Building on more than a century of automotive manufacturing, Canada is at the forefront of the world’s automotive future. Just look at Canada’s progress and promise in battery electric vehicles (EV), fuel cell electric vehicles (FCEV), and connected and autonomous vehicles (C/AV). When it comes to the future of automotive, investing in Canada puts you in the driver’s seat.


David Paterson, VP, Corporate & Environmental Affairs, GM Canada
men working on car

Why Toyota has been investing in Canada since 1988

Learn why Toyota recently invested $1.4 billion in its Woodstock and Cambridge, Ontario facilities and what advantages Canada offers automotive manufacturers. 


Automotive industry transition

The Canadian provinces of British Columbia and Quebec are active partners in the International Zero Emission Vehicle Alliance (ZEV Alliance), which has agreed to make all new passenger vehicle sales zero-emission by 2050 or sooner. With generous incentives in place to purchase new ZEVs—Quebec and BC have the most significant incentives in North America—and with greater charging infrastructure being built across the country, Canada will continue to be a driving force for the future of automotive for years to come.

Market access

Canada has 15 free trade agreements with 49 countries, representing approximately 1.5 billion consumers and 63% of the world’s GDP.  Aided by tariff-free access to growing electric vehicle markets through the Canada-USA-Mexico Agreement (CUSMA), the Canada-European Union Comprehensive Economic and Trade Agreement (CETA), and the Canada-United Kingdom Trade Continuity Agreement (Canada-UK TCA), Canada is expected to see its ranking for EV demand rise to 6th in the world from its current 11th place. Canada’s ports and infrastructure are well-equipped to meet current and future demand.


As part of the Accelerated Investment Incentive, Canada introduced federal tax credits, which include an immediate 100% write-off for newly acquired manufacturing and processing equipment. Additionally, Canada is the first country in the G20 to offer a tariff-free zone for industrial manufacturers, allowing investors to import advanced machinery and equipment from their parent companies free of import duties.

The Advanced Manufacturing (NGen) Supercluster connects manufacturers, technology providers, researchers, schools, government, investors and business networks to accelerate the design and adoption of next-generation manufacturing technologies.

The Scientific Research and Experimental Development (SR&ED) Program provides income-tax credits and refunds for expenditures on eligible R&D activity in Canada.

The Strategic Innovation Fund (SIF) bolsters business investments in Canada's most dynamic and innovative sectors by supporting business activities such as R&D projects, firm expansion, large-scale, global-investment attraction, collaborative technology demonstration projects and clean technology adoption and decarbonization

You’re in good company

Recent Investment Announcements


Nova Bus

Nova Bus, part of the Volvo Group (Sweden) announced a total investment of $184 million to modernize its EV manufacturing facilities in Saint-Eustache and Saint-François-du-Lac, Quebec. The Government of Canada is providing $15 million through the Strategic Innovation Fund.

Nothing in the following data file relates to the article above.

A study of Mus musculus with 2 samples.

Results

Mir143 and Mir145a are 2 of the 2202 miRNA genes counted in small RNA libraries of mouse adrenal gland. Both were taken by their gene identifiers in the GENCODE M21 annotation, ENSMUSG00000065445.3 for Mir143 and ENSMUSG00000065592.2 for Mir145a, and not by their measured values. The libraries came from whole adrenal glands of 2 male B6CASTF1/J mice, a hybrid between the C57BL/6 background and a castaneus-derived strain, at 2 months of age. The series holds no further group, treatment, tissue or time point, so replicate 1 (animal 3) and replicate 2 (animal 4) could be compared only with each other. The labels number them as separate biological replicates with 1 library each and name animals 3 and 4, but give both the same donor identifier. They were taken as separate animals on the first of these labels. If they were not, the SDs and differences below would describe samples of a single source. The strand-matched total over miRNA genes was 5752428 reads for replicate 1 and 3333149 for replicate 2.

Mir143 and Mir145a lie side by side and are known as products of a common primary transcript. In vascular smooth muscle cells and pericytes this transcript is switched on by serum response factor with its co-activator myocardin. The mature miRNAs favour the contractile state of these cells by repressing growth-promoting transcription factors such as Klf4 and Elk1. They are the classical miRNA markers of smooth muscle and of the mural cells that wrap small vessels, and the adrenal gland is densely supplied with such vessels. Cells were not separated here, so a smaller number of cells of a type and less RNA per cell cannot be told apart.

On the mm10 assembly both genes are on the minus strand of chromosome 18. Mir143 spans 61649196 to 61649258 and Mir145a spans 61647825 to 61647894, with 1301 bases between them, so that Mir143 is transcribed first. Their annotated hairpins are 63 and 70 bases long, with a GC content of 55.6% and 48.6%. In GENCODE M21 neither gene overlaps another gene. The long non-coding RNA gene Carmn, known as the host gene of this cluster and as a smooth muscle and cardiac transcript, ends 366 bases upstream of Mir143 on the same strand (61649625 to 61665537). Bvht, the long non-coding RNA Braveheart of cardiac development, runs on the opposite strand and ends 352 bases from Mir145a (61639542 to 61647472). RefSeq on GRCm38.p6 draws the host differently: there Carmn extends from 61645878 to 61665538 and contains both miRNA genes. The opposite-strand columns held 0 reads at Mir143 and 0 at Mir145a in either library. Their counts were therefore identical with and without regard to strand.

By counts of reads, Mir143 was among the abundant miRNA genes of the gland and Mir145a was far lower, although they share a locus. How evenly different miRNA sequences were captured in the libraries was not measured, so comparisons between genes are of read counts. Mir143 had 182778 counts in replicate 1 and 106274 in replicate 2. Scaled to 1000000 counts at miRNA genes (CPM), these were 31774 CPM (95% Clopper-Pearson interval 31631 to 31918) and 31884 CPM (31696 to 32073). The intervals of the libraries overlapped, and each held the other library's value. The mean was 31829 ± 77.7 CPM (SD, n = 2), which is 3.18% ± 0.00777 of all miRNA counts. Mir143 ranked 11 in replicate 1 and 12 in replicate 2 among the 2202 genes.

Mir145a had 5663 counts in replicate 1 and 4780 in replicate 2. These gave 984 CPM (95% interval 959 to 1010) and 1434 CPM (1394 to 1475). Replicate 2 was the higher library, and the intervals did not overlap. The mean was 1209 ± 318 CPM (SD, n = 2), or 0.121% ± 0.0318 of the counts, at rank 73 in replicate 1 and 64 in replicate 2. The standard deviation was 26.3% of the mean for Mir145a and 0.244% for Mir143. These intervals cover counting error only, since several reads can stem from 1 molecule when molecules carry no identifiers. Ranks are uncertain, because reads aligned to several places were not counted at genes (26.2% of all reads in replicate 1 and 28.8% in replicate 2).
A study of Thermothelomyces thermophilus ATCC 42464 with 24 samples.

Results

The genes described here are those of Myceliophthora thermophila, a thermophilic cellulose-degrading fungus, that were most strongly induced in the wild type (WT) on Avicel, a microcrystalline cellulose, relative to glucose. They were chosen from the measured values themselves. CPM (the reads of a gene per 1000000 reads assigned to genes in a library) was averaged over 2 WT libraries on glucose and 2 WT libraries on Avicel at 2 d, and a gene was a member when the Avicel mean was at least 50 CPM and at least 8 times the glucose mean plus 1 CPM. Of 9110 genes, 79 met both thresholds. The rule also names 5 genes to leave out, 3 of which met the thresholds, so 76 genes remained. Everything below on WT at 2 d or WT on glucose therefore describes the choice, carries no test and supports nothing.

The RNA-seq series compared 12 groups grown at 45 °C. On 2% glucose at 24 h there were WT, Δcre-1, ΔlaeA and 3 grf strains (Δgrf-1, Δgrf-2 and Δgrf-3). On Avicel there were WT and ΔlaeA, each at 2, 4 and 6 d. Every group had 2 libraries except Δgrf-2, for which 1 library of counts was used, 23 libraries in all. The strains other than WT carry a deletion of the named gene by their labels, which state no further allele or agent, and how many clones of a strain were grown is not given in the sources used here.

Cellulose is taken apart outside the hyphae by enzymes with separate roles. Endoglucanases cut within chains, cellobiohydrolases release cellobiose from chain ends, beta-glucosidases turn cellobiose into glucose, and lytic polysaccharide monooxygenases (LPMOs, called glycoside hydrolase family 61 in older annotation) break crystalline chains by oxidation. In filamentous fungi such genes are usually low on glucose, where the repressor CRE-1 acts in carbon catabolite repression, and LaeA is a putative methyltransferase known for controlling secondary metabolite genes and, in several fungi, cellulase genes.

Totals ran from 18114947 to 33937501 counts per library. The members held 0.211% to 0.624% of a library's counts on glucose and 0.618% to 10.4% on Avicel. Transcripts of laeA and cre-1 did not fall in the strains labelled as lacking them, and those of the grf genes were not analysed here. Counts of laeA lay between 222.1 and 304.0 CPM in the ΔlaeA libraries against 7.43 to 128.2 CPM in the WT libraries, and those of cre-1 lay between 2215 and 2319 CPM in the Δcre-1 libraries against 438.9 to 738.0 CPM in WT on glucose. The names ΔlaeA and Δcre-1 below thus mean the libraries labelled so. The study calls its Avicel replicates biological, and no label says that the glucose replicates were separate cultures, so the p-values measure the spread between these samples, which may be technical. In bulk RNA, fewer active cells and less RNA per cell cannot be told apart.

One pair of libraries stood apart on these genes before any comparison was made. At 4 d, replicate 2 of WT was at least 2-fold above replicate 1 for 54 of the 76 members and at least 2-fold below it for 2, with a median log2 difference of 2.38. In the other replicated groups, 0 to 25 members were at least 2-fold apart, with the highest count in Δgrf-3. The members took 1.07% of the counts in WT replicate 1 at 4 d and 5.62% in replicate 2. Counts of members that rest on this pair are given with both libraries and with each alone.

cellcentric / Daimler AG / Volvo

In creating cellcentric, a fuel-cell joint venture with operations in Burnaby, British Columbia and in Stuttgart, Germany-based Daimler AG and Sweden-based Volvo formalized its industry-first commitment to accelerate the use of hydrogen-based fuel-cells for long-haul trucks, and beyond.


General Motors

General Motors Canada announced the opening of its Canadian Technical Centre McLaughlin Advanced Technology Track (CTC MATT) in Oshawa, Ontario. The track supports the testing of advanced GM vehicle software and technologies to enable a self-driven, all-electric, highly connected future.


General Motors

General Motors announced a planned investment of $1 billion to transform its CAMI plant in Ingersoll, Ontario into a hub for producing electric commercial delivery vans.



Stellantis (formerly Fiat Chrysler Automobiles and PSA Group) announced it will invest up to $1.5 billion in a state-of-the-art multi-energy vehicle platform at the Windsor Assembly Plant that will enable the assembly of both plug-in hybrid vehicles and battery electric vehicles, creating up to 2,000 jobs by 2024.



Ford is expanding its Canadian research and development presence with a $500 million investment, extending its connectivity leadership with the addition of more than 400 software and hardware engineers, and plans to establish a new Ottawa Research and Engineering Centre. The additional 400 engineers, approximately 300 of whom will be based in Canada, more than doubles Ford’s mobile connectivity engineering team.


AutonomouStuff / Hexagon

Illinois-based AutonomouStuff, whose parent company is Sweden-based Hexagon, set up a research facility at the Ottawa L5 test track to develop an autonomy-ready platform that companies can use as a testbed for their app development, citing the city’s post-secondary institutions for talent and the strength of the city’s AV sector.



Aurrigo, the autonomous vehicle division of UK-based RDM Group, opened a new sales and technical office in Ottawa and is collaborating with academic, industry and government partners to support testing, validation and further development of its AV technology.